Three graduate students in the MU College of Veterinary Medicine Department of Biomedical Sciences recently received fellowships to support their research projects. The American Heart Association awarded a predoctoral fellowship to Greg Ruegsegger and a postdoctoral fellowship to T. Dylan Olver. Jessica Hiemstra received the Ruth L. Kirschstein Institutional National Research Service Award from the National Institutes of Health National Heart, Lung, and Blood Institute.
Hiemstra earned a bachelor of science in animal science at Michigan State University and worked in animal research for several years. She came to MU three years ago to pursue a doctorate in biomedical sciences. She said she was attracted to Mizzou because of the university’s reputation as a leader in cardiovascular research.
The NIH grant will fund a research project she began in August under the mentorship of Craig Emter, PhD, an assistant professor in the CVM Department of Biomedical Sciences, and Tim Domeier, PhD, assistant professor in the MU School of Medicine Department of Medical Pharmacology and Physiology. Hiemstra is investigating heart failure with preserved ejection fraction, which occurs when the heart contracts normally, but the ventricles do not relax correctly as they refill with blood. Her study focuses on the role hormones play in that process.
“Women are more likely to experience heart failure after menopause, but we don’t know why,” she said.
Because pigs have a cardiovascular physiology that is similar to humans, she is working with intact female and male miniature swine. She is comparing different groups of swine, those with and without heart failure and those with and without hormones, to determine if sex hormones are protective.
Ruegsegger earned bachelor degrees in exercise physiology and biochemistry at Montana State University before coming to MU 2 ½ years ago to pursue a doctorate. Ruegsegger is looking into which genes may drive differences in behavior and lead to laziness. His research mentor is Frank Booth, PhD, a professor in the CVM Department of Biomedical Sciences, School of Medicine Departments of Medical Pharmacology and Physiology and Nutrition and Exercise Physiology, as well as a research investigator at the Dalton Cardiovascular Research Center.
“More than 90 percent of Americans don’t get the recommended amount of activity, and this leads to a lot of health problems,” Ruegsegger said.
The American Heart Association fellowship will allow Ruegsegger to continue his work with rats that have been bred to be extremely active or sedentary. Ruegsegger said he determined varying levels of naturally produced dopamine and opioids, which are pleasure-inducing chemicals, exist in the different groups of rats. Using chemicals, Ruegsegger blocks the receptors in the rats’ brains that are acted on by dopamine and opioids to study whether the rats’ activity level is affected.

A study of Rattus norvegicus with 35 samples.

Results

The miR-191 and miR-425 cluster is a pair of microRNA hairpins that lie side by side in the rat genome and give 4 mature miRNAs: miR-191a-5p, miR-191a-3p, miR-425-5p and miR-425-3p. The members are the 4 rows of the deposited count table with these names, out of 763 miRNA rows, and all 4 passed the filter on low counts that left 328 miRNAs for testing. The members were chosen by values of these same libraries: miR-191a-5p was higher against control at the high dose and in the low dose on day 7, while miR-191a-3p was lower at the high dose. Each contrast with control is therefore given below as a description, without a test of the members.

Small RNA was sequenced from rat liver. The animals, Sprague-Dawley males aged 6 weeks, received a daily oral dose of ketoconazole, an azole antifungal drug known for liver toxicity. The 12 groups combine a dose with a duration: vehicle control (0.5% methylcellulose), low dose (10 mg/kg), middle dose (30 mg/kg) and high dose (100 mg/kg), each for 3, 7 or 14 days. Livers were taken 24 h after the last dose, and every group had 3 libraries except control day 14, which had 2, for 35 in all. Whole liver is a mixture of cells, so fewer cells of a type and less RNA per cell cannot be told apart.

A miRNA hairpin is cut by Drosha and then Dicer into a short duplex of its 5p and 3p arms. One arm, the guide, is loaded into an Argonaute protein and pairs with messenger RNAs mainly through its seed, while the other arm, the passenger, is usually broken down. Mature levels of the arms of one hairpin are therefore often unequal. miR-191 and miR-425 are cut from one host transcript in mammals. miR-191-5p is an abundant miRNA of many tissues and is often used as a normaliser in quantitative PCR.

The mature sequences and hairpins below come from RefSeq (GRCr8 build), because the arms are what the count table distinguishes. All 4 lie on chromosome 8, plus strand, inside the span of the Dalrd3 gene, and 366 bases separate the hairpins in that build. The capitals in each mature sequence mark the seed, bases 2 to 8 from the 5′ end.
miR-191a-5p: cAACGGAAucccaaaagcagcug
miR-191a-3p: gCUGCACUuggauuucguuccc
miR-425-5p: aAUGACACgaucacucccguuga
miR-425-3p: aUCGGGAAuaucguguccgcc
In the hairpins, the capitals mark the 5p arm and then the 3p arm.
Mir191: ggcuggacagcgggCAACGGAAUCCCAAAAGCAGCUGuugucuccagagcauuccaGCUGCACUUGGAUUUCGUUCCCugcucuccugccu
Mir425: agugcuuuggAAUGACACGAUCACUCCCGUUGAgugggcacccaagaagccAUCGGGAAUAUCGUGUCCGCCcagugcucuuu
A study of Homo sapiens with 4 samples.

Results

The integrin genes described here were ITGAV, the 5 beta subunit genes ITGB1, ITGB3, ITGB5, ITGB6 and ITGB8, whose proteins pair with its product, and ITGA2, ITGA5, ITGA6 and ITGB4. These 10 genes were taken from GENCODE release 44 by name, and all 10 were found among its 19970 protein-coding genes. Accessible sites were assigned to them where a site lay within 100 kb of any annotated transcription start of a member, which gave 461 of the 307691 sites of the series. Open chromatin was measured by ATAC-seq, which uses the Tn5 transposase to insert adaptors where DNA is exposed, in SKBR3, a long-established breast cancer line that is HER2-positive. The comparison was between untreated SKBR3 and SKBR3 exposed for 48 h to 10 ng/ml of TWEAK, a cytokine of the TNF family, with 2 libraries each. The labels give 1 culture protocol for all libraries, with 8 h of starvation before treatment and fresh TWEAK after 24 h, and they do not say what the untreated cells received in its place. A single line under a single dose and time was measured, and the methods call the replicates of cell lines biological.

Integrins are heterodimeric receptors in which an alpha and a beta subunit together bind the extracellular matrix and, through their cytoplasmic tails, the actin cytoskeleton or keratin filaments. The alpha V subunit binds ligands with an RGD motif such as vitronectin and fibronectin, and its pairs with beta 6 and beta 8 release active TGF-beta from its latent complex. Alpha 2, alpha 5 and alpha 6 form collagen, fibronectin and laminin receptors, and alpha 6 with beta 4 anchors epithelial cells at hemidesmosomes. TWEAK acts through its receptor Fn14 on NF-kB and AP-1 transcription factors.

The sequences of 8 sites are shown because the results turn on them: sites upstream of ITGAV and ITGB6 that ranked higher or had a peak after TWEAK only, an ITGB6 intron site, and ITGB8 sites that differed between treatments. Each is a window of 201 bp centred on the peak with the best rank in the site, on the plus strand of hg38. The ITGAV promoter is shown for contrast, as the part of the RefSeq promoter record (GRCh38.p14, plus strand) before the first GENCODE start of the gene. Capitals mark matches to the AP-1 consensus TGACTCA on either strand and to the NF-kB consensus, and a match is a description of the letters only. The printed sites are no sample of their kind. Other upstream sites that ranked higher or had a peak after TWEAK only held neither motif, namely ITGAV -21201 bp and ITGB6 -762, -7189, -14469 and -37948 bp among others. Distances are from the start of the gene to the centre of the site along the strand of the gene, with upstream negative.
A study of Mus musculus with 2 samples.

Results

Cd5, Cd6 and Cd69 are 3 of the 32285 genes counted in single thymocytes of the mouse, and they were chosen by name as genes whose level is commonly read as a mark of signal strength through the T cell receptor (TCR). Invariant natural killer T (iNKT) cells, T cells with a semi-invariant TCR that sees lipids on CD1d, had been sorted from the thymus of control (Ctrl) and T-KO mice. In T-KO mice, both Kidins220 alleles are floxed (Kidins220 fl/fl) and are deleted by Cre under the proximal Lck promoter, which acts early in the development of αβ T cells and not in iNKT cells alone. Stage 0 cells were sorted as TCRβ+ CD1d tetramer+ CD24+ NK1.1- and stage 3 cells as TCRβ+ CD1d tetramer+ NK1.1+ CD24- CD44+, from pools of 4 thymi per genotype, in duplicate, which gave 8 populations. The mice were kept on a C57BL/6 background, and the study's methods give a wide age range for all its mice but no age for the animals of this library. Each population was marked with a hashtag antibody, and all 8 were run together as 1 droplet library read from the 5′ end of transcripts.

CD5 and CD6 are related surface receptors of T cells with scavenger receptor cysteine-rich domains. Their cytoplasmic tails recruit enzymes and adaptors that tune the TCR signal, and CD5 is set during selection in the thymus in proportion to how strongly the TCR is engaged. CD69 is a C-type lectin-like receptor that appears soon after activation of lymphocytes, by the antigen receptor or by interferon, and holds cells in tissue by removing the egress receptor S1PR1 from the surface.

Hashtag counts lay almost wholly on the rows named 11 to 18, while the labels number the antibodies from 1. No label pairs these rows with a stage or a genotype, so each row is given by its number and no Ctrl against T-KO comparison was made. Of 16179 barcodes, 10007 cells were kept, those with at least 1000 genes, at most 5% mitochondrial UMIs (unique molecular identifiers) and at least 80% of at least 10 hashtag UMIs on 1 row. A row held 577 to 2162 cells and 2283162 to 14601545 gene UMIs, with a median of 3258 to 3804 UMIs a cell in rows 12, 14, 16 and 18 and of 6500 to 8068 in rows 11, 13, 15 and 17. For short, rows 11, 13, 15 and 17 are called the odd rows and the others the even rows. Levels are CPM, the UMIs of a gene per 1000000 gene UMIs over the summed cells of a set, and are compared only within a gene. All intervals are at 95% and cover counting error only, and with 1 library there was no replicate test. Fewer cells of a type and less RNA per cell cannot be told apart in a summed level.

Ruegsegger said his goal is to help prevent the onset of diseases caused by sedentary lifestyles by learning how molecules and receptors can make exercise more enjoyable.
Olver earned his doctoral degree in integrative physiology at the University of Western Ontario. His dissertation studies focused on how blood flow is controlled in peripheral nervous tissue and how microvascular function affects overall neural health in a diabetic setting with and without an exercise treatment intervention.
Olver has been at Mizzou for 1 ½ years. Working in Emter’s lab and that of M. Harold Laughlin, PhD, professor in the Department of Biomedical Sciences, he is studying the relationship between blood flow control in the brain and cognitive function. The American Heart Association grant will fund his research comparing the effects of interval training versus continuous training on blood vessels supplying the brain in pigs with heart failure.
For the study Olver created a cognitive testing scheme involving a spatial hole board task. He teaches healthy swine and swine with heart failure where to find food rewards in the hole board while monitoring how long it takes them to learn where the food is hidden. He then introduces a novel paradigm for the animals to overcome as they search for the hidden treats.
“Some pigs are very strategic, while others search randomly, which leads to short-term memory errors,” Olver noted.
Swine that have heart failure have stiffer arteries, which compromises blood flow to their brains and potentially impairs their cognitive function, Olver said.
“In the pigs with heart failure that exercised, we saw those vascular issues reversed and improved cognitive abilities. Now we want to look at what genes or vasoactive agents cause this. Our working hypothesis is that in pigs with heart failure, their sympathetic nervous system may be overactive causing vasoconstriction in the arteries supplying the brain. How does exercise circumvent that and can we determine the optimal therapeutic dose?” he said.
The grant will fund the study for two years.